We’ve been hearing for years about the coming City Hall fiscal “bomb” when the cost of retirement packages employee benefits and rapidly rising health care costs will outstrip revenues. Nearly 2,200 people are currently on the city payroll. That’s roughly one city employee for every 42 residents, a ratio that far exceeds the employee-to-resident ratio of most other U.S. cities.
Santa Monica has a high degree of activism. That’s led to a great deal of criticism of elected and appointed officials as well as city staff who many view as overpaid and underworked.
So, what’s a new City Manager to do? Rick Cole has only been here a few months. Last Tuesday evening, he made a presentation to council that would create a new and costly municipal Office of Communications. “We need to do a better job on communication,” he told council. “We want to have a first class, two-way communications function. We think there is an opportunity to do it right and the staffing plan I presented you tonight is the way to ‘do it right.'”
“There are all kinds of challenges to communicating in a modern world and we intend to do a great job and this is what we think this will do,” he said. “The city needs to embrace new communication technologies; Twitter, Tumblr, Pinterest, Facebook ‚Ä¶ Plugging the new people in requires that much more effort. Not just ‘PR,’ but engagement ‚Ä¶ active, continuous, two way dialog with our customers‚Ä¶” The staff report adds, “The [new] team would convey city information to people who live, work and visit Santa Monica to encourage civic engagement, inspire community dialogue, raise awareness and a deeper understanding of City government.”
Keep in mind that most of the municipality’s communications have been handled piecemeal on a department-by-department basis. Specialists produce the Seascape and operate City TV, Channel 16 on Time Warner cable. Public relations and general press information now comes from the assistant City Manager.
Can City Hall afford a gold-plated public communications team? Former City Manager Rod Gould was so concerned about looming deficits that he backed a ballot measure in November 2010 that increased the sales and use tax by a half of a percent. Voters approved Measure Y which promised to raise $6 million annually to forestall deficits created by accelerating costs for retirement packages and health care.
Despite an improving economy, dire deficit predictions continued. At a Jan. 22, 2013 council meeting, staff warned that a deficit as high as $29 million was possible by the summer of 2018 unless expenses were reduced or alternate sources of funding were found.¬† “In the best case, the general fund would see a deficit of almost $9 million starting in FY 2014-15‚Ä¶” Without cuts and adjustments, the city could face a $29 million deficit in five years Gould said at the time.
A news article in the Feb. 18, 2014 Daily Press quoted Finance Department director Gigi Decavalles-Hughes as saying that property, sales and business tax revenues were higher than expected, but City Hall is projecting a $3.2 million deficit by fiscal year 2017-18 that could still reach $9.2 million by 2017.
A special thanks to councilwoman Sue Himmelrich who pulled this item from the consent calendar for discussion because she questioned the need for an additional expense of so many new employees. At least someone on the dais is watching the municipal purse strings.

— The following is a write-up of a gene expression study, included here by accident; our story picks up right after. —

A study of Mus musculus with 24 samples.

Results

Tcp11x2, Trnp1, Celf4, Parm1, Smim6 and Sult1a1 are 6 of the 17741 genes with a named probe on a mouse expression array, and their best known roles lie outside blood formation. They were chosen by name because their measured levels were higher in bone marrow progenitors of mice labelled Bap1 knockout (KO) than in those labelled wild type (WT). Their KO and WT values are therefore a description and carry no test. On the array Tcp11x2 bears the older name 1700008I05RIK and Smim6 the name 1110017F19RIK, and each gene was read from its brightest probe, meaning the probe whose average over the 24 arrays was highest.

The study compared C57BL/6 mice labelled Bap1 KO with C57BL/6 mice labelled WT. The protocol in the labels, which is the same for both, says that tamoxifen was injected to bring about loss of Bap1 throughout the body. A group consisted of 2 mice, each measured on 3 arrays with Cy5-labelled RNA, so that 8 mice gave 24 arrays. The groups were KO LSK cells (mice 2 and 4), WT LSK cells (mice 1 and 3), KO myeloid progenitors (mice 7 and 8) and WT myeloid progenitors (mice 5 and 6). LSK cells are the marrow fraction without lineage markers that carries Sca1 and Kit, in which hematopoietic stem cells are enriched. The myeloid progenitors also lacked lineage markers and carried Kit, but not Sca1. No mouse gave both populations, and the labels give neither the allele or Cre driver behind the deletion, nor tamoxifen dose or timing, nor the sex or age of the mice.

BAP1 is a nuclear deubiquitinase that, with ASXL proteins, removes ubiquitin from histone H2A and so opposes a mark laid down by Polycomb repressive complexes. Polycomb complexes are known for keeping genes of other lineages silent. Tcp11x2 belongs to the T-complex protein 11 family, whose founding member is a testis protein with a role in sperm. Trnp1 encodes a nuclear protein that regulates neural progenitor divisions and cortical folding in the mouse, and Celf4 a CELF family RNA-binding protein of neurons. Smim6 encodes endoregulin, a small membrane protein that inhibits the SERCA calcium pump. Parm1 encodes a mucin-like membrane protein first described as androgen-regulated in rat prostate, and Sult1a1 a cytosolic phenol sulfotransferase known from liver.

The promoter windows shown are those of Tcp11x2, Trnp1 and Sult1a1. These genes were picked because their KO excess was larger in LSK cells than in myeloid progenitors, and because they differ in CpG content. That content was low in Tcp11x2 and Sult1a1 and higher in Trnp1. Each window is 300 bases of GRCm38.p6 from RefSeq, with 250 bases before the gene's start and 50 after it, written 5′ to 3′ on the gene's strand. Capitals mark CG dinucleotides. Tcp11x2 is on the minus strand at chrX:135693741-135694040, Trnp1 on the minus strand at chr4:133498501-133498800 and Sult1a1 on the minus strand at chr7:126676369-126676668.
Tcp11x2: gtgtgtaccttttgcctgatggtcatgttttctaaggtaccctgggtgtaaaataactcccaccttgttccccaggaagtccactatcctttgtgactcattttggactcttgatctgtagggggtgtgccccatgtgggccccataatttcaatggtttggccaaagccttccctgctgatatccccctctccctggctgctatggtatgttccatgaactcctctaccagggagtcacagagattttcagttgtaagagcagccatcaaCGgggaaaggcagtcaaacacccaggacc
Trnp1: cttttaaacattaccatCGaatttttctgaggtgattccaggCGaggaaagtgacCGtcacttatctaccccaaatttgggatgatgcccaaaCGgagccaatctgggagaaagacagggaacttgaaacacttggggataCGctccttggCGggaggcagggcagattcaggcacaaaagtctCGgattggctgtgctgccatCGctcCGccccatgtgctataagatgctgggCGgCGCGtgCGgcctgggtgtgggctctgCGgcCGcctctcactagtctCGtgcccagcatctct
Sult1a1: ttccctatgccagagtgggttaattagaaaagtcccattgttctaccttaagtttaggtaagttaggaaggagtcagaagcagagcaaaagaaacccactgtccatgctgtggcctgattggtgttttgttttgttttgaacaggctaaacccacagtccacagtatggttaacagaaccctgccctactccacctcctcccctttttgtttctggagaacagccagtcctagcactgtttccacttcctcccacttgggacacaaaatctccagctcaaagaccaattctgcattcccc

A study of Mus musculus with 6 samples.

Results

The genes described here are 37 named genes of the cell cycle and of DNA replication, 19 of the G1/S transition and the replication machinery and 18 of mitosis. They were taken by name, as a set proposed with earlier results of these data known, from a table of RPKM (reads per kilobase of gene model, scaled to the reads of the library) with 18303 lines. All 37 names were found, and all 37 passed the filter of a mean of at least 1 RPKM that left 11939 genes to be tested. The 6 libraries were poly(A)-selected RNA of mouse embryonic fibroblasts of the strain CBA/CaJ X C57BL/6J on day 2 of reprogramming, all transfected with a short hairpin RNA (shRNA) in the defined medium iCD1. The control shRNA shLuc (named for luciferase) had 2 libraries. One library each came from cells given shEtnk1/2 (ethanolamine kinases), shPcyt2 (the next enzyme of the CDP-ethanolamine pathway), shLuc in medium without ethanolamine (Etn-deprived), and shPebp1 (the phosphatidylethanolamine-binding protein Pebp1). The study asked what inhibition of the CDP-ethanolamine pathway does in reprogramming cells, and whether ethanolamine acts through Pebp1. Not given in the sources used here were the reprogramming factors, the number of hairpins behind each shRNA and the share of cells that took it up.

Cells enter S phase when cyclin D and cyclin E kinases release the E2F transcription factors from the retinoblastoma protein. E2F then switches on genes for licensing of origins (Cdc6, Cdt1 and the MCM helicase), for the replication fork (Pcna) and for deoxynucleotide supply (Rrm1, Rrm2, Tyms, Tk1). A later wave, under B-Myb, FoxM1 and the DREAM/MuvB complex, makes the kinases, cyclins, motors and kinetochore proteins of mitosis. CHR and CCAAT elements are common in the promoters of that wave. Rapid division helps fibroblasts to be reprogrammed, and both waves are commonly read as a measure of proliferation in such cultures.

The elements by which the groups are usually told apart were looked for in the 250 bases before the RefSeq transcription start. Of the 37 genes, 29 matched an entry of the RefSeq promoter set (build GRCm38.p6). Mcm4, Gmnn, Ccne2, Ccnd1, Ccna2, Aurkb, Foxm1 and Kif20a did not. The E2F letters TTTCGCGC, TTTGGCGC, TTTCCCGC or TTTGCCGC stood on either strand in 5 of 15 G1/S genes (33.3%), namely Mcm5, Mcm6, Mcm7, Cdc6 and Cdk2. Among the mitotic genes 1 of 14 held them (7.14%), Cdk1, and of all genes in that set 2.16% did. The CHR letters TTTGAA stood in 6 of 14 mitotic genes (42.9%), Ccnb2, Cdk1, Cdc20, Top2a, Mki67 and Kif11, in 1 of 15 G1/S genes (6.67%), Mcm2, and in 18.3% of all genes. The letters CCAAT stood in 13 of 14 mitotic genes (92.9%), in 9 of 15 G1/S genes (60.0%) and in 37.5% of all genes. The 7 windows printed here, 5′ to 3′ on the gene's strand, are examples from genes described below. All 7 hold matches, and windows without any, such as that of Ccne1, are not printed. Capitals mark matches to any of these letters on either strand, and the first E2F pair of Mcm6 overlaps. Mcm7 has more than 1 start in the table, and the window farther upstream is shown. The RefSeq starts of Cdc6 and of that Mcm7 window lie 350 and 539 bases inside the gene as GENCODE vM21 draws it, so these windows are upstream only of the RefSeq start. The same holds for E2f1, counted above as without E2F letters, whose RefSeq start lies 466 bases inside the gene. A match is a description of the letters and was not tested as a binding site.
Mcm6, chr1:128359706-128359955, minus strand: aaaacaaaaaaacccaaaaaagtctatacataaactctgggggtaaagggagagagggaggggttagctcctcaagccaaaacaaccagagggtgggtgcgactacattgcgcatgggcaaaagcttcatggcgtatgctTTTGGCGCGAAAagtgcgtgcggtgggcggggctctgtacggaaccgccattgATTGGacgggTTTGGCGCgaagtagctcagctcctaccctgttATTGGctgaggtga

This seems to be an expensive undertaking. I, along with others working in the local news media, wonder if Cole’s plan is overkill; too much, too expensive or really needed? With the rush by council to get this program started and spend money, it appears that worries about long-term deficits and seas of red ink have fallen by the wayside.
The new Office of Communications will be supervised by Debbie Lee, City Hall’s Communications and Public Affairs officer who was hired last July for at a $155,784 annual salary (plus benefits). Her department promises to facilitate the delivery of City Hall’s news and public relations messaging, in addition to absorbing the Community & Government Relations functions from the city manager’s office.
Council unanimously and enthusiastically approved this major expansion of the city’s public communications efforts including adding five new job classifications at a cost of $539,649 (plus benefits) for the rest of this fiscal year. A couple of existing staff positions will be redefined and moved to the Office of Communications. Additional expenses and overhead could easily push this new PR department into the million-dollar club, annually.
Here are the new salaried positions council approved: In addition to Lee and an administrative services officer (no salary disclosed), there’s a cable TV manager at $10,270 month, senior marketing manager at $10,270 month, public information officer at $10,270 month and a marketing/communications assistant at $5,143 month – all plus benefits.
A full-time web developer will support the new department along with a staff assistant and a (part time) graphic designer. They’ll all be paid out of the 2015-2017 biennial budget general fund.
We’ve recently witnessed a major disconnect between City Hall and residents over major community priorities. There have been major differences between residents and City Hall on handling traffic, overdevelopment and parking policies, low-income housing, the Hines project and now, the proposed downtown Fourth/Fifth Streets/Arizona Avenue tower.
We must make sure the new Office of Communications isn’t used to stifle legitimate differences of opinion and “outshout” citizens who disagree with municipal policies.
Bill Bauer can be reached at email@example.com.